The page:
STARRING: White Idris (aka Tom Hardy), Lucian Msamati, Oona Chaplin, David Hayman
PRODUCTION COMPANY/COUNTRY: BBC One- UK; FX – USA
RATING: Five out of five wet wipes (you’re gonna need wipes if you watch this. Regency London, even the rich places, looks filthy.)
WHERE CAN I SEE IT?: BBC One and FX
Every week when watching Taboo, after emerging from my White Idris-induced daze, I’d think, “I really have to recommend this show to people because it is craaaaaazy.”
But it’s also also overly complicated and obtuse. That’s why I waited until it was over to review it. Now, if you’re a completists, you can binge-watch it. But Taboo is “sick with pneumonia” binge-watch material. Or “stuck inside during a hurricane or blizzard” binge-watch worthy. Taboo’s convoluted plot makes one easily distracted by the staging, the deliberate filth…or Twitter. And, yet, at the end, I actually stood up and cheered, which I’ve not done since Craster got merc’d in Game of Thrones.
The setting is 1814 London. This is the Regency period. The only thing I knew about this time period was that London was a nasty sewer, but that it’s also a period for some era-defining style and shit. Taboo’s settings relishes this aspect of its buildings and costumes. But the series is mostly set by the Thames River, which looks like a stew of incurable diseases. Which makes sense since the Regency era is also known for its inattention to poverty.
This is why, when James Delaney (White Idris/Tom Hardy) returns to London to claim his birthright, there’s an odd equivalency between how dirty everyone appears and their duplicitous natures. As Judge Judy would say about most of the people who come into her courtoom: no one has clean hands. Or anything else for that matter in Taboo. That’s especially the case for one of Delaney’s biggest adervsary’s, The Crown, as represented by the Prince Regent who, despite his lux surroundings and clear debauchery, looks like a sweaty, walking barrel of STIs.
AND IT’S SO FUN TO WATCH.
James Delaney: I have a use for you.
Me: Yes, please.
There’s a fine line between avoiding spoilers and giving enough background to convince you that Taboo is worth watching, but some basics and highlights:
- Delaney is off his rocker. Sometimes he simply grunts in response to questions, but after a few episodes you get into the nuances of his grunting.
Some of variations are: “I’m going to kill you,” “You mean nothing to my plan” and “You’re of no use to me.” We know from the series start that he’s returned from Africa (broadly and whitely defined) with lots of body tattoos and practicing actual B/black magic. This recurring theme requires analysis along the lines of Toni Morrison’s Africanist presence theory: even when black people aren’t present, representations of blackness are there doing the heavy lifting of signifying Otherness. So Delaney’s back and not a great communicator, but clearly up to lots of no-good. To what end, and for what purpose, doesn’t become clear until the pentulimate episode.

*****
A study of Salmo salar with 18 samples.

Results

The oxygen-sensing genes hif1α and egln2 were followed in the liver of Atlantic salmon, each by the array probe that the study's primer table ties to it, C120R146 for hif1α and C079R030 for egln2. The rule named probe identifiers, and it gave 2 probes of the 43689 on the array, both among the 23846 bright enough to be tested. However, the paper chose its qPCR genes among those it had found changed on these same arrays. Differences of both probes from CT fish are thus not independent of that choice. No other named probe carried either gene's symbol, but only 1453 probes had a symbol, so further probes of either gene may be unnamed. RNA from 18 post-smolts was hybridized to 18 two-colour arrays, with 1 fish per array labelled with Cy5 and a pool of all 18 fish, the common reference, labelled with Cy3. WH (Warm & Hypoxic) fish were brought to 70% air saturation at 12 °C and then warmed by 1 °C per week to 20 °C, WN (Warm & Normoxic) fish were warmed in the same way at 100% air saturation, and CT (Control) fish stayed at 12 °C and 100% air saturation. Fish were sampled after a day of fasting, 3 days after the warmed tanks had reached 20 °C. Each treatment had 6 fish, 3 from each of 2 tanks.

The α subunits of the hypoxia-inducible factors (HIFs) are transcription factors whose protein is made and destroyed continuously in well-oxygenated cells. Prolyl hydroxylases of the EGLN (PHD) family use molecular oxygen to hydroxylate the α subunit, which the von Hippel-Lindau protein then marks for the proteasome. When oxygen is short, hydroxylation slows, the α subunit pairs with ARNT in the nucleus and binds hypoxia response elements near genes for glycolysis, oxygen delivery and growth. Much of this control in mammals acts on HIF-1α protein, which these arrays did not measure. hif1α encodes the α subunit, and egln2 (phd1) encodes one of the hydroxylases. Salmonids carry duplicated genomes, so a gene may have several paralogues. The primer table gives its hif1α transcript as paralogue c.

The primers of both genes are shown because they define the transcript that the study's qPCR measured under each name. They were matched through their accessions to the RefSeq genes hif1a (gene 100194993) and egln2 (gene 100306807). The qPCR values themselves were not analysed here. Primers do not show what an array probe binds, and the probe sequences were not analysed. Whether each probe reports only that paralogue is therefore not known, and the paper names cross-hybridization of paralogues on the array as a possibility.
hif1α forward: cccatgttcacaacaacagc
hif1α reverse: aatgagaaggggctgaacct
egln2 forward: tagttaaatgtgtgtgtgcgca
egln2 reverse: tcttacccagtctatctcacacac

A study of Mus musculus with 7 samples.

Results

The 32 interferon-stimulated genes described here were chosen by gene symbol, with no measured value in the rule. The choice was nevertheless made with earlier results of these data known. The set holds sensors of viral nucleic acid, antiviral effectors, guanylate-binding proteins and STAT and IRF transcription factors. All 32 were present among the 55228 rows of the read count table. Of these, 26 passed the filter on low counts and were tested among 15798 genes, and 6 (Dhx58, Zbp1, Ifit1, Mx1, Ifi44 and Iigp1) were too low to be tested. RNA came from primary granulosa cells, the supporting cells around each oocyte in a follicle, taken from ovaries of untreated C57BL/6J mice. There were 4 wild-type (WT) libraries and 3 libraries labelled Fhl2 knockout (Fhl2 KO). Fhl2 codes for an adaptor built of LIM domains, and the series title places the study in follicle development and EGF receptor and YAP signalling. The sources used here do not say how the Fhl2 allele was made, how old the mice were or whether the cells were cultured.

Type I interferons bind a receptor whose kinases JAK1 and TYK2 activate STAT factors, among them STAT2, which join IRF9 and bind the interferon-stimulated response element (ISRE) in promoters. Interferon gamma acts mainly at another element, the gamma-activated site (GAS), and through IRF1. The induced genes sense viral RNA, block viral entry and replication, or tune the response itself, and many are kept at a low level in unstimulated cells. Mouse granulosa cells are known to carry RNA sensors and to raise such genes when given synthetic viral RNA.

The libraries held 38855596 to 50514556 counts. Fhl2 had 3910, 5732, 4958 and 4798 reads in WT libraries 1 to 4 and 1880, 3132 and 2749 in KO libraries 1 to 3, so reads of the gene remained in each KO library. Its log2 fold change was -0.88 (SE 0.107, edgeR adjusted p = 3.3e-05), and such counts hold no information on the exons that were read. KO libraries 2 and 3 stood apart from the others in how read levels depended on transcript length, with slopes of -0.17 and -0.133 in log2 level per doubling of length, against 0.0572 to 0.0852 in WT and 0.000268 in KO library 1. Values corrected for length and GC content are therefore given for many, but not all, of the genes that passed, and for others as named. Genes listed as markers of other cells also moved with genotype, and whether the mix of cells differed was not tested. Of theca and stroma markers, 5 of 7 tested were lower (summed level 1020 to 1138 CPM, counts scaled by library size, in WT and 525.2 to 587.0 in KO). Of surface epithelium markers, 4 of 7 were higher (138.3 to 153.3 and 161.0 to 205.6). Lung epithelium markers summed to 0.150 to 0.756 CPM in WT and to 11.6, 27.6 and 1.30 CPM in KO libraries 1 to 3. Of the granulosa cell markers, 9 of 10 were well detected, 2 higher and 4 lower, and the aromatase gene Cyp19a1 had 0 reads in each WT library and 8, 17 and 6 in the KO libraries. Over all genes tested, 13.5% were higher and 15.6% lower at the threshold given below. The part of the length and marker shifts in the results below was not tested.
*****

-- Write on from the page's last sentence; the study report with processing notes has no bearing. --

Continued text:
- There are two adversaries to Delaney in this story: the East India Trading Company and the Crown (aforementioned gross Prince Regent). They both want some land that Delaney might inherit off the coast of what will become North America. This means the American revolutionaries are also on the scene as a potential buyer, ally or enemy. INTRIGUE.
- There’re interesting ladies who get shortshrift. They could be way more fascinating, if Taboo is renewed for a second series. This seems to be the way of contemporary television: set up the first series’ drama with lots of male protagonists and then realize, “Oh! Right! Women do shit besides have boobs. Give ’em some plot!”
Delaney’s half-sister, Zilpha Geary, who he’s already shagged and finds other ways to seduce even when he’s not physically present (which is gross…but kinda hot…but yeah gross…but hot (see video below).
Delaney’s stepmother, Lorna Bow, that he didn’t know he had, but who becomes an ally.
And an instrumental brothel-keeper/whore (this narrative wayyyy predates “sex worker” so chill), Helga Von Hinten, who Delaney underestimates at every turn.
Again, now that the first series is over, check it out, but don’t expect it to be easy viewing. It’s nice to focus on a TV program and not be poorly multi-tasking all over the place. The twists and turns in Taboo aren’t implausible, if you’re used to high British drama. And it’s refreshing to see what real-ish people of the era across a few different class backgrounds.
And did I mention White Idris is fine?